The woman said she was recently contacted by an imposter claiming he was from the government agency and asking for her personal information.
The woman, who wished to remain anonymous, said that she was called around 10 a.m. Aug. 28 by a man claiming to represent the Social Security Administration. He told her the administration would soon be sending out new Medicare cards to seniors, but before she could get hers she would have to provide him with some information, such as the name of her bank.
"The moment he mentioned that he was going to need my bank information, I said, 'Oh, no,'" the woman said. "He hung up immediately."
"These kinds of calls are reported from time to time," said Lowell Kepke, a spokesman for the Social Security Administration's regional office in Richmond. "They are scams."
No one will ever call from the administration asking for personal or banking information over the phone, Kepke said. "We advise people to be very careful when they get a phone call. Social Security representatives won't call and ask for that kind of personal or banking information."
The Social Security Administration is much more likely to reach out via mail or email and request that the beneficiary make an appointment to come into a local branch to provide sensitive personal information, or to call the administration themselves, so that it is the beneficiary initiating the transaction.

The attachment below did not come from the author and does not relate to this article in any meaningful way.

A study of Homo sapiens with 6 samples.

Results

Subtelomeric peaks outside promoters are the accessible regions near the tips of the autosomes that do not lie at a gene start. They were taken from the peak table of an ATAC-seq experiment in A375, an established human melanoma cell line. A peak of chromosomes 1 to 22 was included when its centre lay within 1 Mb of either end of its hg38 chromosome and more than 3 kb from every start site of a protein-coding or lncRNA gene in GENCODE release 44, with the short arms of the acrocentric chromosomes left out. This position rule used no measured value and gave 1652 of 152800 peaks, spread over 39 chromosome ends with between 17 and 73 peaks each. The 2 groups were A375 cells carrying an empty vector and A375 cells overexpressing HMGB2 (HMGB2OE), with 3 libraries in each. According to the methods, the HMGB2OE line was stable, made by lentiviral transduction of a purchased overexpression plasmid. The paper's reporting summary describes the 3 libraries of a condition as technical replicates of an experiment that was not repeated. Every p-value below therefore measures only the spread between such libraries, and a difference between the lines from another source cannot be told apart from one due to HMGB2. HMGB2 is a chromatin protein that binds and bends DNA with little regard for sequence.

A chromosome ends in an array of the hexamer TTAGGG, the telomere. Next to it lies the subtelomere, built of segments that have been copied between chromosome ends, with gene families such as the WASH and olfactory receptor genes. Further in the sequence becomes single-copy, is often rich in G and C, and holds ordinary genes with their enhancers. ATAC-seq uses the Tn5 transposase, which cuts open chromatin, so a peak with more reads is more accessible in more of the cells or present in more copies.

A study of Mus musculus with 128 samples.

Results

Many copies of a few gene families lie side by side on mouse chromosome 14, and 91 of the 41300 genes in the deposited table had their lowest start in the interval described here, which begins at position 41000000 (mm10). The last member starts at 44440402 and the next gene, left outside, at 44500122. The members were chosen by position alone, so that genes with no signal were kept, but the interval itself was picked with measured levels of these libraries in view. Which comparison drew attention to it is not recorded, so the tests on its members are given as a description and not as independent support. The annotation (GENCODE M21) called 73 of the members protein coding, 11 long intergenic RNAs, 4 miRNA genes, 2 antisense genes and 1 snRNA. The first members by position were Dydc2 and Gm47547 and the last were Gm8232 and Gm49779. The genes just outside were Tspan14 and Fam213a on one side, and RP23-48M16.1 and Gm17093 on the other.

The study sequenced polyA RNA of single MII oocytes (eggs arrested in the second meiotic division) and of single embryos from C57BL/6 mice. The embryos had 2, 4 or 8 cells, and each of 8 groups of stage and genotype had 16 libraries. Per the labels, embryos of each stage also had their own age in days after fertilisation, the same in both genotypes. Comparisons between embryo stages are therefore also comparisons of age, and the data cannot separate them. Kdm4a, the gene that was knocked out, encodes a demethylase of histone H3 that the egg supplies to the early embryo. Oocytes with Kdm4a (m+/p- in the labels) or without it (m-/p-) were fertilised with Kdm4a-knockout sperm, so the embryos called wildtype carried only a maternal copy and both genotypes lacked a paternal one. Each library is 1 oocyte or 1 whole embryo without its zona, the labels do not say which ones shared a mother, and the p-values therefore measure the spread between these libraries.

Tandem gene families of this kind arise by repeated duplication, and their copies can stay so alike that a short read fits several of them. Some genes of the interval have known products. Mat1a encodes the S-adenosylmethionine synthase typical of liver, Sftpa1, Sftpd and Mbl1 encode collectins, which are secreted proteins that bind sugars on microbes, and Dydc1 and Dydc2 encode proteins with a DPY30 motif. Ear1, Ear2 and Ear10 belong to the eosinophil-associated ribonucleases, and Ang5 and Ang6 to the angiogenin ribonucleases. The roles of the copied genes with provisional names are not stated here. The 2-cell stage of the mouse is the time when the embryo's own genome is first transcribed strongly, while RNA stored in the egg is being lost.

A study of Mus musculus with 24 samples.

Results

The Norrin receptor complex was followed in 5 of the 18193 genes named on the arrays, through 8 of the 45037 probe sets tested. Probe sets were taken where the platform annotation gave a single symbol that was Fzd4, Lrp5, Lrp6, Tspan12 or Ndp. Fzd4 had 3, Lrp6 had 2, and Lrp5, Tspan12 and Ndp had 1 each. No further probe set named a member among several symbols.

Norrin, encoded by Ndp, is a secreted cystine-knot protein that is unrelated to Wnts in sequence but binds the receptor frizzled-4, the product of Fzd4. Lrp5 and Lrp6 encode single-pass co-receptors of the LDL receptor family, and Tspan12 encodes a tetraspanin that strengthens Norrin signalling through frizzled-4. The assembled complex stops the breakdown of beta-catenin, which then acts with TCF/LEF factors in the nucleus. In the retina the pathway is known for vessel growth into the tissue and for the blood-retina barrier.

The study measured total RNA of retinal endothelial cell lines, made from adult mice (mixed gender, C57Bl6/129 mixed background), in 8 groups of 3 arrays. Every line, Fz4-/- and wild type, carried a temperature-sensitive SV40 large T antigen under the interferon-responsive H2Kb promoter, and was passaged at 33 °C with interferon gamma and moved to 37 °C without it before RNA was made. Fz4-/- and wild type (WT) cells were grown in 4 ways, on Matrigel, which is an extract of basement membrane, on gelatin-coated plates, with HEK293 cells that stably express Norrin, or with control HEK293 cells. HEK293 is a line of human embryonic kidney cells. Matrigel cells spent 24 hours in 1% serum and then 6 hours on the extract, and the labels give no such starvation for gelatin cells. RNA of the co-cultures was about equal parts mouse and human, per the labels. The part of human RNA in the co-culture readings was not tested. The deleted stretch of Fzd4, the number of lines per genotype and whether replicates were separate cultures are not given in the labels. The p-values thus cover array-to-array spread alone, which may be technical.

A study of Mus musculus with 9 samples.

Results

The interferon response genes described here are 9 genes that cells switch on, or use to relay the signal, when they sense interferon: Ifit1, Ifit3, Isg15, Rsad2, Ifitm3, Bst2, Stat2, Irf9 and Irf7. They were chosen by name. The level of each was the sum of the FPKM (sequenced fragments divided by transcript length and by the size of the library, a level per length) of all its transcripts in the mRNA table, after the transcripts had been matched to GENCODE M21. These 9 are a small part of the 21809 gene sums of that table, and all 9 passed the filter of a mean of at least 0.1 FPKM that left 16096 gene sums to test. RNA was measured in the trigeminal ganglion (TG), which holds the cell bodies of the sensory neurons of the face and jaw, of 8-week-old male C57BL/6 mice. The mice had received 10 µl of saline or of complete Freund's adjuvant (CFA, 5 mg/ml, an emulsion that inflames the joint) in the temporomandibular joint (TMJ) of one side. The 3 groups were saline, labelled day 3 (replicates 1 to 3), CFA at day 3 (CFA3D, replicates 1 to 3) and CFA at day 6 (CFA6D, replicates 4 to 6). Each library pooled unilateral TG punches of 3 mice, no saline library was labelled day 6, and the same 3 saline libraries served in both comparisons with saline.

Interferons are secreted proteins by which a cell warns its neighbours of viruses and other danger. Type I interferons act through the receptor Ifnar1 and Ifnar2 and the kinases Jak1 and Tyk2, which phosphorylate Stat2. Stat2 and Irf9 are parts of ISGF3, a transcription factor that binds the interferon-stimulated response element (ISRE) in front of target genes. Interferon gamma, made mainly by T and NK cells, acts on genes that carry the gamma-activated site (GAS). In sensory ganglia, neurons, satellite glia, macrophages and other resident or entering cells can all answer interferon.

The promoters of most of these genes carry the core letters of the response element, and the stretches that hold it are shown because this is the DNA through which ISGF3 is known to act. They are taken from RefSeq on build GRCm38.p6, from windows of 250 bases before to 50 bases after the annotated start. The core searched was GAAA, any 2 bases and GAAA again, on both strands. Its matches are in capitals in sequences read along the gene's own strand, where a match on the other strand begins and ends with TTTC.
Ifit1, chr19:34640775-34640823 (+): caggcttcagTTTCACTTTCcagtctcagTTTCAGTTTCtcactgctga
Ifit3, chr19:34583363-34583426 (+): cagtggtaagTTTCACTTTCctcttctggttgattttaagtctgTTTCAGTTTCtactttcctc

Still, he said, the administration receives reports like this one from time to time, and unfortunately, some people have already been duped. "What we find," Kepke said, "is that our beneficiaries, especially elderly beneficiaries, tend to be trustful of the government and social security, and that trust can get them in trouble if they're not careful."
The Los Altos woman was careful, though, according to Kepke. "Your reader did the right thing," he said.
The woman said that the call came from a 408 number. When she reported the fraud, a representative from the Social Security Administration told her they had received numerous similar complaints recently. However, Kepke could not confirm whether there has been a recent spree of similar incidents.
If a Social Security beneficiary is ever concerned or suspicious about a solicitation of any kind, he said, that person should write down the name and contact information of the person claiming to be from the administration, then call the toll-free Social Security number: 1-800-772-1213.